Tuesday, July 13

Bloed, zweet en tranen

Well, what can I say.

On the 11th of July 2010, I was in a noisy Dutch bar just off Museumplein Amsterdam dressed in orange, screaming and shouting for the three hours leading up to the World Cup finals. The shouting continued for the better part of 116 minutes of the match - standing on a couch in the bar which had a little more space than a peak time Mumbai local.

Everyone knows what happened in the match, so I won't go into the details. I'm no football expert for sure, with my interest only taking off this year after moving to Holland. This post is about the atmosphere of Amsterdam and the reactions and attitudes of the its people.

On the day of the finals, the eyes were saturated with orange and the ears were near-deaf with vuvuzelas and the odd irritating airhorn. When we got to Amsterdam, three hours before the match, Museumplein was teeming with people. (More than a lakh, I'm now told).

Being a drop in the sea of orange was not for us, not just because it was noisy and loud, but because we were too short to even see the screen. Which is logical when you consider the fact that the Dutch are the tallest people in the world. The next best option was to head to a bar, and we walked into the first one that proclaimed "WK Finale" or such like at its doors.

The match was actually quite riveting for us, the battle of wills between two teams was interesting to watch. Some straightforward missed opportunities and some amazing saves by Stekelenburg generated tremendous noise.

The Dutch crowd was friendly and the wife and I had good company. There was a young guy who turned his flirtatious energies from Girl 1 to Girl 2 because he saw Girl 1 kissing another guy. This guy also bought us a couple of beers because he spilled two drops of water where we were sitting. Then there was a wise, older man who educated me with:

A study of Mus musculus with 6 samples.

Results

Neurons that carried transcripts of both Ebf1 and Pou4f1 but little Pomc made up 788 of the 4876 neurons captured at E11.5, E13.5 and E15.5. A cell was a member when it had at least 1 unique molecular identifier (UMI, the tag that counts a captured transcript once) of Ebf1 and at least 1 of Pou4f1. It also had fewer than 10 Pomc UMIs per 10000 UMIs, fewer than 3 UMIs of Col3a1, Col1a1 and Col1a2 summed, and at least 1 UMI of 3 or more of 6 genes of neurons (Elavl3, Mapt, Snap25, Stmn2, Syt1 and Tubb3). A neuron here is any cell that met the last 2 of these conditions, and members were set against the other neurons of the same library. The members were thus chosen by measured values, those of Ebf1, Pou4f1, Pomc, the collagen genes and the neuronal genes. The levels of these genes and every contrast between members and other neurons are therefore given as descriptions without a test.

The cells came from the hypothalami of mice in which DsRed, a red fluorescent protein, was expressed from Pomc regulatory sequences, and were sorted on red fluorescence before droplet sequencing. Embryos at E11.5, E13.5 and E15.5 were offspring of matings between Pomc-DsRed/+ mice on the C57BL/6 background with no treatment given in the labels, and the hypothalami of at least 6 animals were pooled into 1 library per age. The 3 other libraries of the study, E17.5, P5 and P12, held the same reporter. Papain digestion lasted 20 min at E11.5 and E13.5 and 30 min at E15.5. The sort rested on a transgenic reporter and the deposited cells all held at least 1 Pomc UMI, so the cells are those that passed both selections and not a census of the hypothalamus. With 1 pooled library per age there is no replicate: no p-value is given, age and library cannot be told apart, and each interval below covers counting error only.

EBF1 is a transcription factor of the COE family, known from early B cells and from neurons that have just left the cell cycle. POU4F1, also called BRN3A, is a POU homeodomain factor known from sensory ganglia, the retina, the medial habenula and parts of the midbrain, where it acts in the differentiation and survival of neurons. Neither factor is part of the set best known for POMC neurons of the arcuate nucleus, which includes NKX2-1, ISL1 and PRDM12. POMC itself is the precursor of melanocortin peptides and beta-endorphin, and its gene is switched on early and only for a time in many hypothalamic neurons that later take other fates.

• The Dutch translation of "He is a duck penis", every time a Spanish player took an Oscar-worthy dive or Mr Webb decided to exercise his arm. 
  • Andre Hazes and the song that is the title of this blog post. 
  • The fact that the Dutch national anthem (the oldest in the world) actually honours the Spanish king. (Video below)

The real irony of it is that the Cup was won by a country that is quite divided. Not everyone in Spain was cheering for the team, and some were even betting against it. On the other hand, almost everyone in the Netherlands was dressed in orange, hoping to prove Paul the octopus wrong and make the most of their World Cup finals appearance after 32 years. I still think their achievement of reaching the finals is commendable considering how small the country is in terms of sheer numbers.

In contrast with the pre-match din, there was a murmured silence after the goal in the second half of extra time. Unlike India, where the silence manifests only in the stadium where Sachin Tendulkar gets out or the opposing team hits a boundary, this quiet was present in the bar, on the streets of Amsterdam and followed us onto the train, all the way to Utrecht.

People kicked the odd beer can on the street, complained about Webb and looked despondent as they held their heads in their hands, sitting by the streets. But the silence was not accompanied by any aggression. I didn't hear anyone shouting or making a nuisance, and that was a nice thing to see.

Somewhere in the middle of the match a beverage influenced Dutch fan asked me, "Have you ever seen an atmosphere like this?" I answered his rhetorical question with a quiet "Yes", thinking of the recent IPL. A tinge of homesickness surfaced as I reminisced the days when my brother, father and I watched every single ball of a test match. Come to think of it, my answer probably broke the man's heart; but for him and the millions of Dutch fans around the world, there was much more to follow.